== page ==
Have a Heart for Kids Day 2020

Media Digest 06-17-2010

Anonymous (not verified) 06/17/10
In this edition, you'll read more about an effort to roll back taxes on candy, soda and other goods, which would strip our state budget of hundreds of millions in revenue that lawmakers approved to protect vital services for children and families. You'll also read about a final call for public input on a statewide Early Learning Plan.
“Grocery taxes” rollback campaign
underway I The News Tribune I 06-16-2010
Bottlers hit the streets Friday the day after ballot language was approved, asking people to sign in support of rolling back new taxes
on soda pop, bottled water, candy and gum, plus a limitation on a tax
exemption that will leave makers of some processed foods paying more. (Opponents, including the Children's Alliance, are pushing a decline-to-sign campaign. We're asking people to call and e-mail when they see signature gatherers, especially those who are making misleading claims that Initiative 1107 would repeal taxes on "food and beverages.") 

Without taxes, state revenue forcast
plunges $200 mil I Seattle PI I 06-17-2010

When he presented his latest report Thursday, the state's
chief forecaster, Arun Raha, painted guardedly rosy picture of
Washington's budget. Raha said thanks to $800 million in new taxes state
lawmakers OK'd earlier this year, he expects the state to collect $558
million more than he predicted in February. But...throw out the new
taxes on bottled water and soda and liquor and the state's projected to
take in $206.8 million less through July of next year than it thought it
would four months ago.
Last chance to weigh in on Early
Learning Plan | No Kidding! - Children's Alliance Blog I 06-17-2010
The Department of Early Learning is making a final call for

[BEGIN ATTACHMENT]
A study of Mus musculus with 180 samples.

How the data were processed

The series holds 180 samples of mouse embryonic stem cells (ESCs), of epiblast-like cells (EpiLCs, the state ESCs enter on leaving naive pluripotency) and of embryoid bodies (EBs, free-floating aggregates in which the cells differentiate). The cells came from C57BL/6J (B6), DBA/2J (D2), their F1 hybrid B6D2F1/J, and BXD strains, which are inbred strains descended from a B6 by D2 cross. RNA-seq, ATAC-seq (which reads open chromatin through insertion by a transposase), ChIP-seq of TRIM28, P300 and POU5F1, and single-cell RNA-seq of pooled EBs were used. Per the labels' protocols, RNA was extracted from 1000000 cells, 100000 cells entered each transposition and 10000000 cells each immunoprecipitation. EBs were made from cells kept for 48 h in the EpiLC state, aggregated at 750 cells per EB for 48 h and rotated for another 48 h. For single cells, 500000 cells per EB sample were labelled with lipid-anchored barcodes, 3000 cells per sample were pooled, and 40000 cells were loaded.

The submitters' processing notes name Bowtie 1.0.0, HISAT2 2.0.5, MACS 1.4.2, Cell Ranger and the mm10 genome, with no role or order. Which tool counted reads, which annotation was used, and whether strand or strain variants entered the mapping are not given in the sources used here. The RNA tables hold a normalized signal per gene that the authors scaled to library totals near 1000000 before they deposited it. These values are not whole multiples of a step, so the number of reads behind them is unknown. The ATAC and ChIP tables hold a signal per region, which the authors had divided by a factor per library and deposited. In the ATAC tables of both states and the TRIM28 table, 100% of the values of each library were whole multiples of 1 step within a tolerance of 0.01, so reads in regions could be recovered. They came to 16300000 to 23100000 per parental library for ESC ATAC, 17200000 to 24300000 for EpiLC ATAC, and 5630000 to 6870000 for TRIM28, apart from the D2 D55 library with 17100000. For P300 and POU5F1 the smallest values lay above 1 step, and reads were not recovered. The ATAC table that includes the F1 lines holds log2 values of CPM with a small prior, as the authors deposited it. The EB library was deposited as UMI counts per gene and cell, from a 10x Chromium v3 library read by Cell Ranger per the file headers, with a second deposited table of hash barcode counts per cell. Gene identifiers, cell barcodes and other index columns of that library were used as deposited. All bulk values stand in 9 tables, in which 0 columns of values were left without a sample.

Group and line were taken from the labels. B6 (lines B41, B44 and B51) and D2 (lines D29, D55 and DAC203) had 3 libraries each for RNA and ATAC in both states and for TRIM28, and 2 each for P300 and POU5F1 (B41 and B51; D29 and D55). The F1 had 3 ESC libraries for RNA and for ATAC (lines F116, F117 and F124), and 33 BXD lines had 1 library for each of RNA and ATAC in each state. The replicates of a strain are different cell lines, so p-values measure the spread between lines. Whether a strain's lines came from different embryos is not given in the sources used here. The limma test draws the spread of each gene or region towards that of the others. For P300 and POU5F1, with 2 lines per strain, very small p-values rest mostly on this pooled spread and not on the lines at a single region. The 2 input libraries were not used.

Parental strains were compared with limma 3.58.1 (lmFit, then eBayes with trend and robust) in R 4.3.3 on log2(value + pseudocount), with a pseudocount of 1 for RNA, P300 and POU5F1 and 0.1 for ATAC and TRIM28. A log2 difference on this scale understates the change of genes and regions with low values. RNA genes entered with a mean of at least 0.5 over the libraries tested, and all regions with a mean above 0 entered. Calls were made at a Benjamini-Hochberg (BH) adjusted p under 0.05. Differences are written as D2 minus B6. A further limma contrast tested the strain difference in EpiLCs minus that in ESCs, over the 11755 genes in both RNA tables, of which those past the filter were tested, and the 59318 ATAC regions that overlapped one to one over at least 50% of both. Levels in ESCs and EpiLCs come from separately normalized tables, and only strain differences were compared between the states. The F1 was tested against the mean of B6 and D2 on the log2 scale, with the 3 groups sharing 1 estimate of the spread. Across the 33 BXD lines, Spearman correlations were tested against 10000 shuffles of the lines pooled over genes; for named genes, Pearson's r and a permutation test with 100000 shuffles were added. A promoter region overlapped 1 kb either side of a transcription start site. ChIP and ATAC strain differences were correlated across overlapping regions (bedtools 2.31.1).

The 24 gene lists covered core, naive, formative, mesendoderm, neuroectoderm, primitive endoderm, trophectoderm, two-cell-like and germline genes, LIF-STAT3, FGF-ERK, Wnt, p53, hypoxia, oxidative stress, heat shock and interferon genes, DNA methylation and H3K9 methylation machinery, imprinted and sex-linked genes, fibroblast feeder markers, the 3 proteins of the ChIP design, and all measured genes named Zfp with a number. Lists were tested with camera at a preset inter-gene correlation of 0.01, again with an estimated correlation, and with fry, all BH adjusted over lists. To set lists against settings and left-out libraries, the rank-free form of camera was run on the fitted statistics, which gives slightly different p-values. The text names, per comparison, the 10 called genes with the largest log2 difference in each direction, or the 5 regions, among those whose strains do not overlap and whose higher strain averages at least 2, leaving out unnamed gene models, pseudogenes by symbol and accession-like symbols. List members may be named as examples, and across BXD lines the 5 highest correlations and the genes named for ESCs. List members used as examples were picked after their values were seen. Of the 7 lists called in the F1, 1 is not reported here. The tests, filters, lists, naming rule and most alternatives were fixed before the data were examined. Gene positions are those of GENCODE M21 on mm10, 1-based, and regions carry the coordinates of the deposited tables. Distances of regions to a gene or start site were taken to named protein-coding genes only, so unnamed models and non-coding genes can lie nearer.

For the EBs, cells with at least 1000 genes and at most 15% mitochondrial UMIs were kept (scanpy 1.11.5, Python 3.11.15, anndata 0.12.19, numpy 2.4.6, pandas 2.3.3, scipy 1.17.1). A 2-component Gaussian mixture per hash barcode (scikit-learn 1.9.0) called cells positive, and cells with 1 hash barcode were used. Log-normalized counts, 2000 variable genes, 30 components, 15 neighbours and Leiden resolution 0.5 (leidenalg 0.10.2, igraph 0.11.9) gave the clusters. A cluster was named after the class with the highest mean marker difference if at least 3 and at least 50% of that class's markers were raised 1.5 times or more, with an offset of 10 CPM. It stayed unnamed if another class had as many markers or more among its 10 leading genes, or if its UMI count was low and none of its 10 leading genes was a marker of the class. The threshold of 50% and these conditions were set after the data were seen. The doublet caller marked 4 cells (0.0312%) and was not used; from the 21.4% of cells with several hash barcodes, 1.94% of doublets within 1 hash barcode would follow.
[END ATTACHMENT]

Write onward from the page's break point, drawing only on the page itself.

public comments on a statewide plan that will be a roadmap for
developing a comprehensive, high-quality early learning system for
Washington state. This Friday is the cutoff.
Child care subsidy rules under review I
Real Change I 06-16-2010
The state Department of Early Learning is revising guidelines
that set a schedule for reviewing the finances of some families
receiving child care assistance. But advocates say the rules won’t
ensure the stable, quality child care that lawmakers envisioned. House
Bill 3141, passed during this year’s legislative session, mandates a
change in the state’s schedule for reviewing the financial eligibility
of families with kids in some preschool programs for Working
Connections. Working Connections is a child care subsidy that helps
low-wage workers afford daycare. The law affects the review process of
families of 20,000 Washington children currently enrolled in Head Start,
Early Head Start or the Early Childhood Education and Access Program.
Early Learning News: Home Visiting
Money I Birth to Thrive I 06-16-2010
The federal government is getting ready to start sending out
$1.3 billion for home visiting programs and Washington State could win
$1.3 million in the first round, the Children’s Alliance reports.
Earlier this year, Congress and President Barack Obama approved the
money as part of the huge health care reform law.
FMAP Rejected, Possibility for
Another Special Session Heats Up I PubliCola I 06-16-2010
The U.S. Senate on Wednesday voted down an amendment to H.R.
4213—the American Jobs and Closing Tax Loopholes Act of 2010—that would
have tacked on a six-month extension to the Federal Medical Assistance
Percentage (FMAP) funding, $480 million of which state Democrats
depended on when they wrote their budget last session.
Don’t Forget Kindergarten! A New Call
for All-Day Kindergarten in Education Reform I Birth to Thrive Online I
Experts and advocates spend a lot of time talking about the
importance of quality preschool and prekindergarten classrooms. What
about kindergarten? Kindergarten often seems lost in the debate about
how to improve early learning. But, the Foundation for Child Development
made a move today to change that by issuing a new brief: “PreK-3rd:
Putting Full-Day Kindergarten in the Middle.”
Sen. Chris Dodd Seeks to Put Spotlight
on Children's Issues I Education Week I 06-15-2010
Longtime U.S. Sen. Christopher J. Dodd, who is retiring at the
end of this year, plans to use his last months in office to shine a
spotlight on the condition of children. At the June 8 hearing, the first
of four, Sen. Dodd said he plans to introduce legislation to create a
national commission on children to regularly and closely examine the
needs of American families and identify solutions to their problems.